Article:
Ukraine EU membership to take 15-20 years: France EU minister
France, with Ukraine aspiring to join more western organizations and blocs, broke the bad news to Kiev that accession to NATO would take up to two decades to come to life.
As Finland and Sweden are pushing for accession to NATO, France's Europe minister, Clement Beaune, reportedly said Ukraine's EU membership was "15 or 20 years" away from being realized.
"We have to be honest. If you say Ukraine is going to join the EU in six months, or a year or two, you're lying," Beaune said, speaking to a local radio station. "It's probably in 15 or 20 years, it takes a long time."
French President Emmanuel Macron had earlier voiced his aspiration to create a European political community to ensure Ukraine could join the 27-nation bloc later on. However, Zelensky dismissed the move, asking to join the European Union.
Russian President Vladimir Putin had warned Ukraine against joining the European Union and NATO as Kiev aspired to obtain membership in both, and after the Ukraine war broke out, Finland and Sweden started their bids to become member states.
Russian President Vladimir Putin said Russia had no issue with Finland and Sweden that are willing to join NATO, affirming that their accession to the alliance posed no threat to his country. However, he stressed, that such action would trigger an appropriate reaction from Moscow.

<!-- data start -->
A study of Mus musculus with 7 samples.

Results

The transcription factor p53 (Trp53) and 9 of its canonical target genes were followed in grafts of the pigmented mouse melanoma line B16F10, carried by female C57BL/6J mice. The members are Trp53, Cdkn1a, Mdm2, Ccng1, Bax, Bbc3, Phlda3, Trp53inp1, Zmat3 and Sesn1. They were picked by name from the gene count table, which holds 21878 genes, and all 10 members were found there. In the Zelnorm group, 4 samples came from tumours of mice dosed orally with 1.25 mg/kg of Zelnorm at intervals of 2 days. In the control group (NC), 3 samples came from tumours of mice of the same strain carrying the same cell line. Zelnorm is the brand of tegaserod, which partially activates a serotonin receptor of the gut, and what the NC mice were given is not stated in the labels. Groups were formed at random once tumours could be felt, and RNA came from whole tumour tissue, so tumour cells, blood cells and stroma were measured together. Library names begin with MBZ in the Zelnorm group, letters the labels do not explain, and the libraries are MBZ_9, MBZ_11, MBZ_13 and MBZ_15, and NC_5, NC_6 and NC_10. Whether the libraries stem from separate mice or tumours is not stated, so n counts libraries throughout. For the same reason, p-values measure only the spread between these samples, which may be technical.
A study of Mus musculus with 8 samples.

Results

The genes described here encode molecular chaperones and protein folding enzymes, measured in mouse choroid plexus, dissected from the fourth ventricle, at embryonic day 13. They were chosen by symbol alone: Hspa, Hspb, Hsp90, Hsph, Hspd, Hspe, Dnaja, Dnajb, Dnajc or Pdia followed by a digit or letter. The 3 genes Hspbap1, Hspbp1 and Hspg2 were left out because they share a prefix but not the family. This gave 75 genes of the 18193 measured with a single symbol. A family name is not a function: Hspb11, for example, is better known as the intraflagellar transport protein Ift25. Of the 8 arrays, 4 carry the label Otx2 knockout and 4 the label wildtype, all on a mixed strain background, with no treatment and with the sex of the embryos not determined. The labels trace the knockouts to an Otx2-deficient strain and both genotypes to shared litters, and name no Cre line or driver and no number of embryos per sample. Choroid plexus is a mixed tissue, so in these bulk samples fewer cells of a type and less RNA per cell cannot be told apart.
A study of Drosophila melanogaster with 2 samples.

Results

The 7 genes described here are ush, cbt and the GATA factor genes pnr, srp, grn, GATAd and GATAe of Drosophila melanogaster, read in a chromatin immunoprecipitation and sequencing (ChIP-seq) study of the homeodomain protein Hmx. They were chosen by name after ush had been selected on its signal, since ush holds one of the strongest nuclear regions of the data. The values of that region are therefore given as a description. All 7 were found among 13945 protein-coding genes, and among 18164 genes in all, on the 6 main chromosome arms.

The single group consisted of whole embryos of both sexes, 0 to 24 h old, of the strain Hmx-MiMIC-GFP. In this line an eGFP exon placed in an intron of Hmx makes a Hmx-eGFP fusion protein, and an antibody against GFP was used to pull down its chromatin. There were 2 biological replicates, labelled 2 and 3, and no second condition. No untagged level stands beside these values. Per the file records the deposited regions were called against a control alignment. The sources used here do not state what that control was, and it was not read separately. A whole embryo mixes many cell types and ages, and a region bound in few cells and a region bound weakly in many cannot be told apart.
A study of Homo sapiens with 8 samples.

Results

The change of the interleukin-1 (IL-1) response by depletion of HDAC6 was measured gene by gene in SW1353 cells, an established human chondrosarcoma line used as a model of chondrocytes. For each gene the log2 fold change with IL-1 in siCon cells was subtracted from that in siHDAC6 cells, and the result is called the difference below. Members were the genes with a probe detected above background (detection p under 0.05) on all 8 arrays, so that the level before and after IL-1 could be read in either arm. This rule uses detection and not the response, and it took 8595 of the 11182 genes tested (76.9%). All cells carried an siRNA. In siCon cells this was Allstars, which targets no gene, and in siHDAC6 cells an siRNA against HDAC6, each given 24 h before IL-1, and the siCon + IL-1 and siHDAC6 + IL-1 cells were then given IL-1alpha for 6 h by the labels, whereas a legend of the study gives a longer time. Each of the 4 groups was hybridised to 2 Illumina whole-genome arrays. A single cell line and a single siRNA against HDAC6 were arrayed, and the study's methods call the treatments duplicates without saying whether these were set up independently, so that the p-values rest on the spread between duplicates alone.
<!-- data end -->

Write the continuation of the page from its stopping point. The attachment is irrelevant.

The Kremlin stated on Monday that Finland and Sweden's decision to join NATO would not strengthen European security.
Russian Deputy Foreign Minister Sergei Ryabkov had also said that the decision was a "grave mistake with far-reaching consequences."
Earlier, Turkey voiced opposition to Finland and Sweden's NATO membership requests, according to President Recep Tayyip Erdogan, who added that any attempts to persuade Ankara to modify its attitude would be futile.
President Erdogan considered that Finland and Sweden "do not have a clear unequivocal stance against terrorist organizations. Sweden is the incubation center of terrorist organizations. They bring terrorists to talk in their parliaments."
The Turkish president was alluding to the banned separatist Kurdistan Workers' Party (PKK) and the Revolutionary People's Liberation Front (DHKP/C).